You’ve made the decision: your organisation (or an area of your organisation) needs to transform. To ensure you’re not simply window dressing or swinging for the trees and hoping for the best, you need to decide on the best way to create and execute your transformation strategy. In other words, you need a strategic planning process that drives successful transformation by bringing together all the elements that will drive and support your initiative. One of the best ways to do this is by using a Transformation Map.
What is a Transformation Map?
A Transformation Map (or T-Map, for short) is a visual representation of the goal and strategic planning process. T-Maps include all of the important elements of successful strategic change: actions, milestones, timelines, results and impact. Think of a T-Map as a tool to present your way from strategy to execution, while at the same time ensuring organisational and leadership orientation. T-Maps turn the usual fear of change and reorganisation into motivation to achieve clear and defined goals, with outcomes that also guide future decision making. And, as an added bonus, they’re easy to create: literally get the template and get going. An example T-Map template is provided below:
Using T-Maps in the strategic planning process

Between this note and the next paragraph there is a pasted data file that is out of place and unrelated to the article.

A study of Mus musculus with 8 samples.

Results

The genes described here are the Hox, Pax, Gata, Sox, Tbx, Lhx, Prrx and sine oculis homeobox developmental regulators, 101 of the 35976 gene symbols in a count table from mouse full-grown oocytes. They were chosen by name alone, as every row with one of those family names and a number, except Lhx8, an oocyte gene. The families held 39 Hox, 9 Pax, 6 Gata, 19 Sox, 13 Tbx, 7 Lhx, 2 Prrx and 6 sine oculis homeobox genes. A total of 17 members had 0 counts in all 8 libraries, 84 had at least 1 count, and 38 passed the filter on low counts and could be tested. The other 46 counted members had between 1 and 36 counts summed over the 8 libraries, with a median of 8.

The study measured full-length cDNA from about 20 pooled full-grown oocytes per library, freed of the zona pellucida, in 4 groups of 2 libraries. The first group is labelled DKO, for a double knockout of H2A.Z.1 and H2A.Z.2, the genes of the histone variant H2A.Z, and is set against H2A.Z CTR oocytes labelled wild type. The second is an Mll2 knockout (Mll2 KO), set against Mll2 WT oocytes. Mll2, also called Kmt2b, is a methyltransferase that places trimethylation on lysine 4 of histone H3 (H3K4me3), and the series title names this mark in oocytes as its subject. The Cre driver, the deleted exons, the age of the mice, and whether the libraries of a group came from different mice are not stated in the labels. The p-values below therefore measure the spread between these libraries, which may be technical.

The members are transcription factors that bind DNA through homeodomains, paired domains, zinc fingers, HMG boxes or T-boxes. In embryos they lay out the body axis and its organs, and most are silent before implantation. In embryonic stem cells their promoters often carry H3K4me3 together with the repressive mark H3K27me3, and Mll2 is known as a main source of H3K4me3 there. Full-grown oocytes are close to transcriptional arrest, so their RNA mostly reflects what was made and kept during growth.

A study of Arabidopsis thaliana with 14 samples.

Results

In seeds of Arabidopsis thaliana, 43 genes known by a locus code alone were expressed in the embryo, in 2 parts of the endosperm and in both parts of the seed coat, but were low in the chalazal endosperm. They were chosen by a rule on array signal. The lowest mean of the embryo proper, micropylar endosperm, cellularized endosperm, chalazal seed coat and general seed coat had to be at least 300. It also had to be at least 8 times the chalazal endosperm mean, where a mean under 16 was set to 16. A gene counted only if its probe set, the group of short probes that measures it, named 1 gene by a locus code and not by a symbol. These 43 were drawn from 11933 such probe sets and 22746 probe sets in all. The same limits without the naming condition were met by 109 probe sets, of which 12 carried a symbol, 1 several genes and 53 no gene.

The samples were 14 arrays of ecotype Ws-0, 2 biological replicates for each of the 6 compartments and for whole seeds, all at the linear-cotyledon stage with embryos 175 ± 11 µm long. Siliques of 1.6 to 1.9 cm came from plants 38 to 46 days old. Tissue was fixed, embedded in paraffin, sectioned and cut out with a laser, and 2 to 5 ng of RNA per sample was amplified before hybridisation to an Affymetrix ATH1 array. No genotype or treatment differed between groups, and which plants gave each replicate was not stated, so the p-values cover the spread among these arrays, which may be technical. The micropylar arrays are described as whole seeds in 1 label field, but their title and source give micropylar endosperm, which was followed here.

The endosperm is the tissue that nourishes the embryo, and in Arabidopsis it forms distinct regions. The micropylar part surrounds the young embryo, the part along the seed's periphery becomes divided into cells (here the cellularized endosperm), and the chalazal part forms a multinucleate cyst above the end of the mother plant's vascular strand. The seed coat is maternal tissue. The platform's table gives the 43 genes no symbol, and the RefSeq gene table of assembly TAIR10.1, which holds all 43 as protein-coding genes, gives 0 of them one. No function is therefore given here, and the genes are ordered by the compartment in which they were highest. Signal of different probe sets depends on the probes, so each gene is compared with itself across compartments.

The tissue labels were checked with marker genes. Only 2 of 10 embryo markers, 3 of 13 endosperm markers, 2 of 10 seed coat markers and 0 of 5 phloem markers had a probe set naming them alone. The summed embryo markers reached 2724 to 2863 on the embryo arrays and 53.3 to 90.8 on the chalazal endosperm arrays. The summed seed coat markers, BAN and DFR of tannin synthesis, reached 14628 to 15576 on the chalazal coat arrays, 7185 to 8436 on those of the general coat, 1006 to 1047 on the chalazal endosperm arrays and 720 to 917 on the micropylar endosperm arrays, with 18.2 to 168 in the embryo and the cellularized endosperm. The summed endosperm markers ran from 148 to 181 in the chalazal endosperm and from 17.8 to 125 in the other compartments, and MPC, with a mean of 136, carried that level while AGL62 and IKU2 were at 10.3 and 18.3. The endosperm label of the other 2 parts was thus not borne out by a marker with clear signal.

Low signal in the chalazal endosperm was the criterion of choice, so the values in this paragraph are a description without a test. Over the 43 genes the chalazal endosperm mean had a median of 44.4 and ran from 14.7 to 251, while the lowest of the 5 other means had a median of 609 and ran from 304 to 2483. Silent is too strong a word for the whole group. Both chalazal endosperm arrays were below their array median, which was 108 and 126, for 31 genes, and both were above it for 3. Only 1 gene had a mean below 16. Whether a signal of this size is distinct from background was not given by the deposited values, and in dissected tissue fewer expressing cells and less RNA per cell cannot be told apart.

T-Maps are useful when you want to agree on, communicate and track the multiple (and often complicated!) components of your strategic planning process with stakeholders.
As with other high-level and large-scale change initiatives, the planning process is best completed in a workshop setting. Involving the appropriate stakeholders in the progression of the process – workshopping, evaluating and refining the T-Map – is as important as the T-Map itself. This is because to achieve the positive outcomes you define in the T-Map requires buy-in and ownership of the change process, something which will not be realised without stakeholder input and engagement. Thus the T-Map functions as a great way to kick off and reach agreement on the strategic planning process, and as a valuable reference tool for those times when the waters get muddy (as we all know they tend to do).
In the T-Map example below (source: BusinessOptix.com), the transformation of the information technology department is mapped into workstreams around the perimeter of the map, while the timeline is marked across the top and broken into significant milestones. The ‘current’ and ‘future’ states are clearly marked, as are the key decisions that need to be made along the way:
Maximising the value of your T-Map
Once you’ve agreed on and visually described all the elements of your strategic change process, your T-Map becomes a valuable asset to your business. T-Maps eliminate uncertainty in the change and transformation process and provide the boundaries for successful strategy execution. They support alignment of your leadership team and allow the transmission of key ideas and goals throughout the organisation. Finally, they provide a solid anchor for progress meetings.
Ultimately, having all the right ideas about where you want to go is only the first step in successful strategic business transformation. You also need to know the details of every step you’re going to take along the way. At BusinessOptix we like to pull together the change for all to see, and a T-Map does this job perfectly.